Surpassing the three-thousand, three-hundred-metres altitude.

lzarzalejo73

Senior Member
Spanish
I'm writing something about Sierra Nevada, in Spain, and I was wondering if the following sentence is correct as far as the expression of altitude is concerned. "The Titans of Sierra Nevada are the gods of the “Baetic Olympus”, surpassing the three-thousand, three-hundred-metres altitude above the sea level". Thanks in advance for your kind cooperation.
 
  • PaulQ

    Banned
    UK
    English - England
    "... surpassing the three-thousand, three-hundred-metres altitude above the sea level"

    1, The addition of the first the causes the sentence to sound as if there is some significance to the height of 3,300m above sea level - for example, it would leave the reader thinking that, at 3,300m, a mountain is reclassified as a "peak" (or some other word.) As far as I am aware, there is no particular significance and I would take myself to be an average reader on the subject of mountains.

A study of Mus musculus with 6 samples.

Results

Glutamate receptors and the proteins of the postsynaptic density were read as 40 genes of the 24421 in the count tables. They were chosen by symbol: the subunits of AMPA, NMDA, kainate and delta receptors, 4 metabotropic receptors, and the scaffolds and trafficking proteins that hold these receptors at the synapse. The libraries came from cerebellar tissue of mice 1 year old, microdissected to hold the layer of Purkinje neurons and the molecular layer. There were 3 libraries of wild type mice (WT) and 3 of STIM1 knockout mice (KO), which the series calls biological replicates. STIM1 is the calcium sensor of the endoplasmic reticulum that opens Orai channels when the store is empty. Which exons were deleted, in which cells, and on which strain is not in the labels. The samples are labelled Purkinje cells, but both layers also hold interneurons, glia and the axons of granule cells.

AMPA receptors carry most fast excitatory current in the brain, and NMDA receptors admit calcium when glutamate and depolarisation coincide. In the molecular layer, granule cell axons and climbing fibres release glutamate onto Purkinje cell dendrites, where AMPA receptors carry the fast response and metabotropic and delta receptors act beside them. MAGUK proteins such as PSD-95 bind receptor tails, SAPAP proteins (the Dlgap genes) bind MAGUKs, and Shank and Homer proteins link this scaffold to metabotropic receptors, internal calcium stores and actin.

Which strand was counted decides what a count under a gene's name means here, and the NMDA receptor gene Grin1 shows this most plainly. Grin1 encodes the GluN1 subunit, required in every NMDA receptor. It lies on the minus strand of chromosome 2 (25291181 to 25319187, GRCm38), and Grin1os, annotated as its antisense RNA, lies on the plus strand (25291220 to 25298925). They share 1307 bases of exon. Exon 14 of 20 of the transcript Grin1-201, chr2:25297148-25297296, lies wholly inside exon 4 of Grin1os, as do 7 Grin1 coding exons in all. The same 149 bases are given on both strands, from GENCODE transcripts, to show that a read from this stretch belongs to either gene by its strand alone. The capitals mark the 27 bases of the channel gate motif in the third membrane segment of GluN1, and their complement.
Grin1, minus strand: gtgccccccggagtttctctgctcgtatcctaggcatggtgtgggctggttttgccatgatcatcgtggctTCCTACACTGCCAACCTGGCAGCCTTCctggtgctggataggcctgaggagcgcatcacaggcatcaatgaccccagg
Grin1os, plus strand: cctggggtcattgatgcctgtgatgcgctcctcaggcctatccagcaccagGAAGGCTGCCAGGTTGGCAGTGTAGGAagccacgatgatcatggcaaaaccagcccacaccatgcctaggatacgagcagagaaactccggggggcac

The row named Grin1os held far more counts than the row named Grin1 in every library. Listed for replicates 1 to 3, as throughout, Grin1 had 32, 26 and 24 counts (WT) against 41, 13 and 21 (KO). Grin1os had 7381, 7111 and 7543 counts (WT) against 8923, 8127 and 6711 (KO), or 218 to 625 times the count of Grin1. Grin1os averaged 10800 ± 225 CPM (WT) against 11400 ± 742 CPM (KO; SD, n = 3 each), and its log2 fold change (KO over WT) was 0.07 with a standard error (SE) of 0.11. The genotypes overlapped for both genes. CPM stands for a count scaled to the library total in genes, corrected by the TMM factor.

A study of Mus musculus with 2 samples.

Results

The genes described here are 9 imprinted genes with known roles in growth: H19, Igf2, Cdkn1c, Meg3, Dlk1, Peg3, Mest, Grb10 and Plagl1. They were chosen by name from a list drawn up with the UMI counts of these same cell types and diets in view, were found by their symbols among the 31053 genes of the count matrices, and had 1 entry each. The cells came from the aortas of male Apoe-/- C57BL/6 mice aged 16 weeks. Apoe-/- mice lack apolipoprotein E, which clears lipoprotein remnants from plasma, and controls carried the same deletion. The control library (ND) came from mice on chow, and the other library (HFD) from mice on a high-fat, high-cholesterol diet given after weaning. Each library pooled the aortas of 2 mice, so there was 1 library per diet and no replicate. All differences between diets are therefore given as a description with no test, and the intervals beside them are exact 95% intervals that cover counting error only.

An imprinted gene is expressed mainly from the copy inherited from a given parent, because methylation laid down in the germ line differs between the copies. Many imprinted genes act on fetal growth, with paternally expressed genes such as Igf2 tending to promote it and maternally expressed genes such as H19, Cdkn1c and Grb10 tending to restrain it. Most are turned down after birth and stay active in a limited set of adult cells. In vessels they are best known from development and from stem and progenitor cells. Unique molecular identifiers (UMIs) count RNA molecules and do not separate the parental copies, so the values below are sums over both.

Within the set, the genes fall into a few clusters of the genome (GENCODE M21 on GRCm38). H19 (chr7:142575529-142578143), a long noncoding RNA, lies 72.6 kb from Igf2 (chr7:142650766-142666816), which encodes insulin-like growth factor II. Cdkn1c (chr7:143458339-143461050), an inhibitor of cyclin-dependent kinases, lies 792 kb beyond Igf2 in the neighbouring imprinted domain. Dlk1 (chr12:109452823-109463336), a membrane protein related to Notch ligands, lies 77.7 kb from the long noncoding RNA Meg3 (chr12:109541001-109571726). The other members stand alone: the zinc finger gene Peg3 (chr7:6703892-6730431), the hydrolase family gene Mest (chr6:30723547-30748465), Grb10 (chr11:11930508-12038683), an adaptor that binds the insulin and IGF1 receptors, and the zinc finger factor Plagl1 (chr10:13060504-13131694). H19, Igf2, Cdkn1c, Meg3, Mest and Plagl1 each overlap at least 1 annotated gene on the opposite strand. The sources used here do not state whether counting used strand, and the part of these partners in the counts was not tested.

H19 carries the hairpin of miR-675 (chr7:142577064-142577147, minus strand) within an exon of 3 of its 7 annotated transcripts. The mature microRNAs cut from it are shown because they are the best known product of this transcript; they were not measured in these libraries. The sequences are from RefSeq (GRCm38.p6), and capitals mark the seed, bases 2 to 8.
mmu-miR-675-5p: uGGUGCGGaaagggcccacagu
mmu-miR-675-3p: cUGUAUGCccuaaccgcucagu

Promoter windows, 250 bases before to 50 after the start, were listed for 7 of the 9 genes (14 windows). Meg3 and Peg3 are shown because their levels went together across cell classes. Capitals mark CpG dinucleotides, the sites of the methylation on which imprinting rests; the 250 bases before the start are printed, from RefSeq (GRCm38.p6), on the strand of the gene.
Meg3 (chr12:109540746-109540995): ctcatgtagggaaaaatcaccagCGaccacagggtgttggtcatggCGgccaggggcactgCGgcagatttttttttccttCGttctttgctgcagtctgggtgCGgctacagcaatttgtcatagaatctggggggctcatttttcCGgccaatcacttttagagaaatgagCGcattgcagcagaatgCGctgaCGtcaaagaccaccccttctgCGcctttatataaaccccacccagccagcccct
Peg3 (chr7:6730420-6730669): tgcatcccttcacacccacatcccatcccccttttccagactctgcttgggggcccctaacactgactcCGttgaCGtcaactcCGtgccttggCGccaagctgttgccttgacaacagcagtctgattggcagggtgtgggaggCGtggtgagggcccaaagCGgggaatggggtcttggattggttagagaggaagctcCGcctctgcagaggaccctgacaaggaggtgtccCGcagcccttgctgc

2. Surpassing is somewhat formal, but tends to fit the style you have adopted.
    3. "altitude" is not required - unless otherwise stated, any measurement of a mountain indicates its height.
    4. Sea level is uncountable by virtue of being an adpositional phrase and should not be qualified by "the".
     

    kentix

    Senior Member
    English - U.S.
    "The Titans of the Sierra Nevada are the gods of the “Baetic Olympus”, surpassing the three-thousand, three-hundred-metre mark above sea level".